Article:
By Vincent Mabatuk and ANTONY GITONGA | September 21st 2016
Empty beds at the Maternity ward at Riftvalley provincial General Hospital, after Health workers in Nakuru county went on strike on September 20,2016. 7 patients died in two hospitals in the area yesterday as doctors protesting over delayed pay continued with their strike. (PHOTO: COURTESY)

Seven patients died in two hospitals in Nakuru County yesterday as doctors protesting over delayed pay continued with their strike.

Five of the patients reportedly died in Nakuru’s Provincial General Hospital while two died at Naivasha Sub-County Hospital.

The two facilities also stopped admitting patients, apart from emergency cases, as the medical officers and consultants vowed that they would not resume duty.

And in Nairobi County, Governor Evans Kidero’s government issued a stern warning to striking doctors, saying they would be fired if they did not report to work by today.

County Secretary Robert Ayisi complained that despite a court order that suspended the strike, medical workers in the county had failed to return to work even after being paid salaries for the last six months, which was one of the reasons they went on strike.

In Nakuru, Joseph Mburu, the superintendent of Naivasha Sub-County Hospital, said 26 medical officers and consultants were on strike.

He said that although the outpatient department was operating normally, services in the wards had been adversely affected.

Stayed away

“We are no longer admitting patients apart from emergencies as the medical officers and consultants have stayed away,” he said.

But Dr Mburu said the two patients who died at the hospital had been sick for some time and their deaths had nothing to do with the strike.

“At the moment, we are relying on the few clinical officers present as the county government resolves the matter,” he said.

At Nakuru Provincial General Hospital, hundreds of patients continued to suffer as their frustrated relatives made arrangements to transfer them to other facilities. By yesterday, patients were being attended to by unsupervised interns and clinical officers as doctors stayed away.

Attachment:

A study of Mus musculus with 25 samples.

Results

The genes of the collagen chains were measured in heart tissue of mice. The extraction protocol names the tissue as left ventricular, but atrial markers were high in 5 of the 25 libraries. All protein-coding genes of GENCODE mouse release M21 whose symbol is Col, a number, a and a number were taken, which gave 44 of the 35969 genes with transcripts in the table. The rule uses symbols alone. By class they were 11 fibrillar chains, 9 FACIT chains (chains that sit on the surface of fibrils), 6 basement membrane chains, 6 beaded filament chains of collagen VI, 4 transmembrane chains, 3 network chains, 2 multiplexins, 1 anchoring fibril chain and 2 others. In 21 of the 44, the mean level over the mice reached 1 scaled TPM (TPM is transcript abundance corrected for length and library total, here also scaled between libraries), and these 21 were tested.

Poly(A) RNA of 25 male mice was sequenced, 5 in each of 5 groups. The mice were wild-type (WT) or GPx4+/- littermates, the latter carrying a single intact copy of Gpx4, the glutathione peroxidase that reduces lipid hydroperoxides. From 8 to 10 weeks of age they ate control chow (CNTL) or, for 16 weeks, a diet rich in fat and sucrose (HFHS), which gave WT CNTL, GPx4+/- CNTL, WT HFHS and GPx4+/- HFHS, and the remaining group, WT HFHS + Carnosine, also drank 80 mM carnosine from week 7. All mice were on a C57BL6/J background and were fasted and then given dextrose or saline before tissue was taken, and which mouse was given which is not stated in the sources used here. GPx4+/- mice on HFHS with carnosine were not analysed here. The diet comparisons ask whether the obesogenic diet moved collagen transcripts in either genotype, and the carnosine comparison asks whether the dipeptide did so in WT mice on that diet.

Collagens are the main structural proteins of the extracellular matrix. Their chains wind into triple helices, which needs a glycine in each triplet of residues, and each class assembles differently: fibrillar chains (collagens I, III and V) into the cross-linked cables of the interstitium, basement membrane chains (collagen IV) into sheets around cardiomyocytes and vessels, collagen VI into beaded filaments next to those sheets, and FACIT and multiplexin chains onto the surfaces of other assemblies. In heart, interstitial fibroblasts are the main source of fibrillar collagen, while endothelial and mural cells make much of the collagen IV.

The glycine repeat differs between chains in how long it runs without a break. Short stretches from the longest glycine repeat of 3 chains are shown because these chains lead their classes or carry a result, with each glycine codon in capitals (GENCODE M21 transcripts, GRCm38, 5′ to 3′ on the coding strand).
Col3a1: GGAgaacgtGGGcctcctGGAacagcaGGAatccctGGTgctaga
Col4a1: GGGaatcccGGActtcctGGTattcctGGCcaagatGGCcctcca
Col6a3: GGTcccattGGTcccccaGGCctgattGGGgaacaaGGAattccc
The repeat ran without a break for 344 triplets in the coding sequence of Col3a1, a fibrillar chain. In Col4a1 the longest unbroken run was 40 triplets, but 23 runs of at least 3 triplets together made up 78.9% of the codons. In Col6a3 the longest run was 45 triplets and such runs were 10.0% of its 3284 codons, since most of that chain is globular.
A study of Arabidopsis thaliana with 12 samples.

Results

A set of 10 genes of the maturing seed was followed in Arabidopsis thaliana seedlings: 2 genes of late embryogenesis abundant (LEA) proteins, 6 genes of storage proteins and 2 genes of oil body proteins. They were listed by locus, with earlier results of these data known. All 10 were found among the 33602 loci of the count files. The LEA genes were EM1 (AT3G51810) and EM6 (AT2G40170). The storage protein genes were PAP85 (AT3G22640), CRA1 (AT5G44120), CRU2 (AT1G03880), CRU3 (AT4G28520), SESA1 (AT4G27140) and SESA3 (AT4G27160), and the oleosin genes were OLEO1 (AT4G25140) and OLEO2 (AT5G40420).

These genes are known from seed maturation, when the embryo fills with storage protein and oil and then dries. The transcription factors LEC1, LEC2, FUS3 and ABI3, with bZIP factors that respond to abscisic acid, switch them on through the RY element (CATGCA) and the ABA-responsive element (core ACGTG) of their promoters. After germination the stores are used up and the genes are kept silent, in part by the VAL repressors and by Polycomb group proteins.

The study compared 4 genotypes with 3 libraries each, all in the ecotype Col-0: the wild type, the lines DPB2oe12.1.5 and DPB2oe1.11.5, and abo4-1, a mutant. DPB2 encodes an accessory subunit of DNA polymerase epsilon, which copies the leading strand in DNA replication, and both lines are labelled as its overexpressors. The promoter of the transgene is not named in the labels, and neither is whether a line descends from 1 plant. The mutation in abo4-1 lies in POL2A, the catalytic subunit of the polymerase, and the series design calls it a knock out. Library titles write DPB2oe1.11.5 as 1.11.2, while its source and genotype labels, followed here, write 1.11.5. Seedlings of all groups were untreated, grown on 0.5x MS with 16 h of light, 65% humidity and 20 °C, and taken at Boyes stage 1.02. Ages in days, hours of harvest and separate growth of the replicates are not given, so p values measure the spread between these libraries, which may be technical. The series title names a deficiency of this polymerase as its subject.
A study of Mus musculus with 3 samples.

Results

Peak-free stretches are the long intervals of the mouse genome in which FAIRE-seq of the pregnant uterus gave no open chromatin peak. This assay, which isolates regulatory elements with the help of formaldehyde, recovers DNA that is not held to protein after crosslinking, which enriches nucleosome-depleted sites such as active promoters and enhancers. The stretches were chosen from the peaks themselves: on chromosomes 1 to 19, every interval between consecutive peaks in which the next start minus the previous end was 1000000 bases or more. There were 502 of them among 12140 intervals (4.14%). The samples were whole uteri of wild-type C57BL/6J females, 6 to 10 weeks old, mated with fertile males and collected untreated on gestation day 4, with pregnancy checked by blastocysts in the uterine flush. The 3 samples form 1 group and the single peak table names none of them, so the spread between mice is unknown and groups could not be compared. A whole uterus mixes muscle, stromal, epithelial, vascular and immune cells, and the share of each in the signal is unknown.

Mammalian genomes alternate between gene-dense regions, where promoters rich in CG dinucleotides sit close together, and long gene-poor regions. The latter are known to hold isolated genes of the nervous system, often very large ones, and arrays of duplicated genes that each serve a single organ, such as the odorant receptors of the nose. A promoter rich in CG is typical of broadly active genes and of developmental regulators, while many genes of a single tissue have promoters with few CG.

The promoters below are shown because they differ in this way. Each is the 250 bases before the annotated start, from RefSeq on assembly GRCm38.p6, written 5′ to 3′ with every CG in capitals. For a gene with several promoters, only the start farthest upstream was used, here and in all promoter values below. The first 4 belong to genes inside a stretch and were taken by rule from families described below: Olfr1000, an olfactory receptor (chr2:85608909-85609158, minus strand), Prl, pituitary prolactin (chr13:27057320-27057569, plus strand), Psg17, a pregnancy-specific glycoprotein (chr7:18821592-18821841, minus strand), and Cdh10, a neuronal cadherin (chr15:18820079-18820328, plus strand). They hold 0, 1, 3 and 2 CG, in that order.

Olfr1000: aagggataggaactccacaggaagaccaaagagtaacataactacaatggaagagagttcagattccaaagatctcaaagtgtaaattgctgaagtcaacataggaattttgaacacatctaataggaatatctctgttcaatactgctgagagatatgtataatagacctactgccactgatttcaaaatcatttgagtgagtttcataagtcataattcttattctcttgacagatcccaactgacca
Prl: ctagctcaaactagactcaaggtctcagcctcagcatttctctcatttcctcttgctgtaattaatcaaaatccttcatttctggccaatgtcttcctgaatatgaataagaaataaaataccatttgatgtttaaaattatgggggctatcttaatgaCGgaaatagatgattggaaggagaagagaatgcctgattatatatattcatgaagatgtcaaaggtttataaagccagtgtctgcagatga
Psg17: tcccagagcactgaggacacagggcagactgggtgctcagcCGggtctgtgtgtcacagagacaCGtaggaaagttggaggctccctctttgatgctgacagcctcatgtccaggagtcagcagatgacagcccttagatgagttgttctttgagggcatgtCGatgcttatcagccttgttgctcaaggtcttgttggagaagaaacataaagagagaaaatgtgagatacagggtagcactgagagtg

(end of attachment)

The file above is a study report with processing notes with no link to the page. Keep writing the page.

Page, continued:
Unconfirmed reports indicated that more than five patients died in the hospital. Some patients were transferred to private hospitals in Nakuru town, but those whose relatives could not afford the transfer costs were left to bear the situation in the hospital.

Health services also remained paralysed in the hospital’s casualty while the maternity ward was empty as expectant women were turned away. Inside the ward, beds were unattended, a testimony to the agony women have experienced.

“You mean the woman who lost a baby last night was your relative? The baby died yesterday and she left this morning; kindly communicate with her by phone,” said a nurse who was found chatting with her colleagues outside.

Resolve stalemate

Kenya Medical Practitioners, Pharmacists and Dentists Union South Rift acting Secretary General Hillary Kubai said doctors would stay away until the county listened to them.

This is not the first time that doctors are downing their tools to agitate for better working conditions and pay.

Dr Kubai said some doctors and medical personnel had not been paid for the last few months.

“The county is aware of our predicament but they have decided to turn a blind eye. The only way they can listen to the doctors is through strike action.

“Let it remain clear that we are not asking for something out of this world. Our demands are within their reach and we are requesting the governor to come and resolve the stalemate and save patients from their agony,” said Kubai.

Wilkister Nyambura was among scores of patients who sought medical assistance at the facility yesterday. Despite being very sick, she arrived at the hospital in the morning but accidentally fell on the concrete outside the casualty area.

“Look at my legs. They are very weak and it’s impossible for me to walk again. Nobody has offered to help to me. A nurse told me to look for somebody to push me inside and walked away,” she said, tears wetting her blouse.

She was among five patients who spent the better part of the day at the casualty.

And Alice Ng’ang’a, whose leg was recently amputated due to diabetes, sat for over five hours in her wheelchair while relatives struggled to find money to take her to a private hospital.